Veerle
Hi,

I would like to implement a subclass of the Preferences class that
doesn't store everything into the Windows registry, but in an xml
file. Does anyone have example code of
- a subclass of the Preferences class
- an implementation of PreferencesFactory for this Preferences class
- an implementation of both the listeners for this Preferences class
- and a small example program that uses the above?
This would be a great help when starting out my own implementation...
This sample code doesn't have to store the preferences in an xml file,
any other location than the Windows registry will do, it's just to get
an idea of how to start of with my own thing.

Thanks in advance,
Veerle
 
On 23 Oct 2003 07:52:37 -0700, Veerle <(E-Mail Removed)> wrote:

> Hi,
>
> I would like to implement a subclass of the Preferences class that
> doesn't store everything into the Windows registry, but in an xml
> file. Does anyone have example code of
> - a subclass of the Preferences class
> - an implementation of PreferencesFactory for this Preferences class
> - an implementation of both the listeners for this Preferences class
> - and a small example program that uses the above?
> This would be a great help when starting out my own implementation...
> This sample code doesn't have to store the preferences in an xml file,
> any other location than the Windows registry will do, it's just to get
> an idea of how to start of with my own thing.
>
> Thanks in advance,
> Veerle



Well the Linux version of the JRE stores preferences in an XML file under
the user's home directory, so it might be worth investigating that. I
don't know if there's some property you can set to get it to behave this
way on Windows. If not, you can probably take a look in the source for
the Linux version and get some ideas from that.


--
Daniel Dyer
Empathy Software


On Thu, 23 Oct 2003 16:06:57 +0100, Daniel Dyer
<(E-Mail Removed)> wrote or quoted :

>Well the Linux version of the JRE stores preferences in an XML file under
>the user's home directory, so it might be worth investigating that. I
>don't know if there's some property you can set to get it to behave this
>way on Windows. If not, you can probably take a look in the source for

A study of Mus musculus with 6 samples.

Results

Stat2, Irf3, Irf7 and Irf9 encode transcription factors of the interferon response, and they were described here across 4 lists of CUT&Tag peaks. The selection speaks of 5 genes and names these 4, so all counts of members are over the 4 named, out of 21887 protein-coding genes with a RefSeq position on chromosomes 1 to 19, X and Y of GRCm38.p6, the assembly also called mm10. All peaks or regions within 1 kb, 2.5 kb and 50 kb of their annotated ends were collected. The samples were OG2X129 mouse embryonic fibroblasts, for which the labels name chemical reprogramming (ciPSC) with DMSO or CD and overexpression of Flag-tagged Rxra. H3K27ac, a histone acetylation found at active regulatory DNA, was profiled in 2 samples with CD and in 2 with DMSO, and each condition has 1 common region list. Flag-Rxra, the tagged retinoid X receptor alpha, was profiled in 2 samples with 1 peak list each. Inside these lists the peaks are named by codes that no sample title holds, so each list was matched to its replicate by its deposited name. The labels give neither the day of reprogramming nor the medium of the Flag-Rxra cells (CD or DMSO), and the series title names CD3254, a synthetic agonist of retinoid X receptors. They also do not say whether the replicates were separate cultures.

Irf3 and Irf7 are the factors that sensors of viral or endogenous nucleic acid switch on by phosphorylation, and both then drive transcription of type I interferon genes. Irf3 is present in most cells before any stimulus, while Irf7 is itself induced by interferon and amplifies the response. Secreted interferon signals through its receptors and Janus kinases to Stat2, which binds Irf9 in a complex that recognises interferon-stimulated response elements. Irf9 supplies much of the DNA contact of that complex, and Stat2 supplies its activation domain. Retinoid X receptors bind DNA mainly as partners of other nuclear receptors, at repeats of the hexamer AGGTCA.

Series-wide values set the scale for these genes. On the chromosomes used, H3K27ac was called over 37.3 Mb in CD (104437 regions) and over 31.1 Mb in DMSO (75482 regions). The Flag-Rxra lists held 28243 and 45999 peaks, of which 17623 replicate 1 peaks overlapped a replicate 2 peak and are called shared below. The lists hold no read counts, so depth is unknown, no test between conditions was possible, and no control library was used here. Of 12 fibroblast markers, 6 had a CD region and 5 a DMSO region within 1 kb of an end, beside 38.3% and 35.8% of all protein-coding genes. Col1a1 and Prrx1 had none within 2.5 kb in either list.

>the Linux version and get some ideas from that.


There is a problem with Windows and JNLP in that you don't get
assigned a directory to work in. There is no natural place to put
your file. You will have to invent some file-naming convention and
tree-like directory structure to store the preferences. Again you
might take a lead from how they pull it off in Linux.


--
Canadian Mind Products, Roedy Green.
Coaching, problem solving, economical contract programming.
See http://mindprod.com/jgloss/jgloss.html for The Java Glossary.
 
 
      10-23-2003
make an output stream and use method exportNode()
it will output in xml format

"Roedy Green" <(E-Mail Removed)> wrote in message
news:(E-Mail Removed)...
> On Thu, 23 Oct 2003 16:06:57 +0100, Daniel Dyer
> <(E-Mail Removed)> wrote or quoted :
>
> >Well the Linux version of the JRE stores preferences in an XML file under
> >the user's home directory, so it might be worth investigating that. I
> >don't know if there's some property you can set to get it to behave this
> >way on Windows. If not, you can probably take a look in the source for
> >the Linux version and get some ideas from that.

>
> There is a problem with Windows and JNLP in that you don't get
> assigned a directory to work in. There is no natural place to put
> your file. You will have to invent some file-naming convention and
> tree-like directory structure to store the preferences. Again you
> might take a lead from how they pull it off in Linux.
>
>
> --
> Canadian Mind Products, Roedy Green.
> Coaching, problem solving, economical contract programming.
> See http://mindprod.com/jgloss/jgloss.html for The Java Glossary.